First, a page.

For three months of the year the Jersey Shore is the vacation destination for thousands of out-of-towners. Most of the year, we live in the shadow of Manhattan; we can’t compete with the culture, the food, and the overall coolness of living in the city. But every summer, we get our due. The Seaside skyline ignites and New York license plates fill the lanes of the Parkway as urbanites count down the miles to vehicular freedom. East coasters would be hard pressed to find someone in their inner circle without a shore memory, and thanks to MTV, the entire country can share stories of a beach they’ve never walked. Together we reminisce about giant slices of pizza, illegal jetty scaling, cheap games of mini golf, first kisses, kayaking, being just tall enough for the “scary” rides, outdoor showers, bike rides, skee-ball, seafood cookouts, Kohrs orange custard, unwinnable games, and the crunch of a sandy salami sandwich. In early September the shore transforms. The boardwalk quiets and traffic eases, as vacationers drag themselves back to reality and leave the beach behind. For those people, the Jersey Shore really only exists from Memorial Day to Labor Day. But for many others, it’s more than just a vacation spot: it’s home.
I’m what you would call a local. I grew up at the Jersey Shore, despite what my red hair and fair skin might suggest. I was born in Point Pleasant and raised in Toms River, right off Route 37 and a straight shot to the beach. In high school I would keep a towel in my car for impromptu trips, and to this day I still have a collection of shells and sand in the glove box of my 2002 Toyota Echo, carrying the shore with me wherever I go. Growing up my family would wake up early on Saturday, throw some sandwiches in a cooler, grab our striped umbrella, cover our delicate skin with layers of sunscreen, and drive to Island Beach State Park. On special nights we would drive to Seaside Heights to waste our money on junk food and claw games, and I watched with jealousy as my sister rode rides I was several inches from enjoying. Often my father the documentarian would tote around his enormous video camera, obsessively filming every trivial detail of our adolescence. I never thought I would appreciate his ridiculous commentary as he zoomed in on the Ferris Wheel perched atop the now crippled pier, but with the Seaside skyline now permanently altered I am forever grateful for his need to record.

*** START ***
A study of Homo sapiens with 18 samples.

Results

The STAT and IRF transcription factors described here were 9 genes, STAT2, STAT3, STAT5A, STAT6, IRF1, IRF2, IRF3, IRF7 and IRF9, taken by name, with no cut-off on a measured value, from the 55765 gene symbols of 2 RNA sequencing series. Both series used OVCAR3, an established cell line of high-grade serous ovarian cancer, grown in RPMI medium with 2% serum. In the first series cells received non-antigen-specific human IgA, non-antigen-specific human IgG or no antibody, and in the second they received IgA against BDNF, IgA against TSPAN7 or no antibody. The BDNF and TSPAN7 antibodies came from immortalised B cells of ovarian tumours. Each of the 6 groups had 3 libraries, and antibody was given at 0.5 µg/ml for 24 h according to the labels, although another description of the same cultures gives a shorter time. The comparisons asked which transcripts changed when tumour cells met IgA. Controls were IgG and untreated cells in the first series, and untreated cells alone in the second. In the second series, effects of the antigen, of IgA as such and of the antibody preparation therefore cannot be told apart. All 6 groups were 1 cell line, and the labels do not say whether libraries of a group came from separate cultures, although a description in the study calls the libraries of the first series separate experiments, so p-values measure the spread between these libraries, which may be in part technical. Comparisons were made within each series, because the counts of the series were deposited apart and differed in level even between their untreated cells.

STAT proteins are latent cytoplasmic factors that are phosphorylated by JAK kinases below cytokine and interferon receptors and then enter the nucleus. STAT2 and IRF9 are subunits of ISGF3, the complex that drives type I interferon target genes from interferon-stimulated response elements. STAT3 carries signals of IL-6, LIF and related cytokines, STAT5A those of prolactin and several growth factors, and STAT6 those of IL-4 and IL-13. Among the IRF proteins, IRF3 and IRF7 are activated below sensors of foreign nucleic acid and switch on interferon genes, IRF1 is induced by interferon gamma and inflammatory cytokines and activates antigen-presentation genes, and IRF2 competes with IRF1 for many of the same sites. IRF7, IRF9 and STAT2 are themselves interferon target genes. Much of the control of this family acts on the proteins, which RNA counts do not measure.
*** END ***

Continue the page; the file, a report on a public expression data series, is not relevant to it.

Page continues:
We locals share many of the same memories as vacationers. We dine on the same Saw Mill slices, blow our allowance on the same unwinnable games, fearlessly charged into the same icy waters, and sit on our father’s shoulders watching the same fireworks. But for us, the beach isn’t just a three-month destination. We enjoy the quiet off-season months. As teenagers, we would drive to the beach after school (during school”¦) and soak in alone time and free parking in the warming weeks before the season started. We call people Bennys and are very possessive of OUR shore. We knew kids who came to homeroom with wet hair after a morning surf (or, we were those kids). We were the kids Bruce wrote about, combing our hair in the rear view mirror while the boys tried to act so tough.
It has been a difficult three weeks for the entire New York/New Jersey coastline in the aftermath of Hurricane Sandy. From Atlantic City to Queens, devastation has been vast and there are few degrees of separation between those who were mildly affected and those who lost everything. But being the strong, stubborn, and weird tri-state family that we’re all apart of, we locals send our support up north and hope that urbanites will not forget the summers they spent at the Jersey Shore and keep us in mind as we all rebuild.
Thank you to the Downtown Doodler for her photographs, illustrations, and memories. Buy the Jersey Shore prints in our Society6 shop.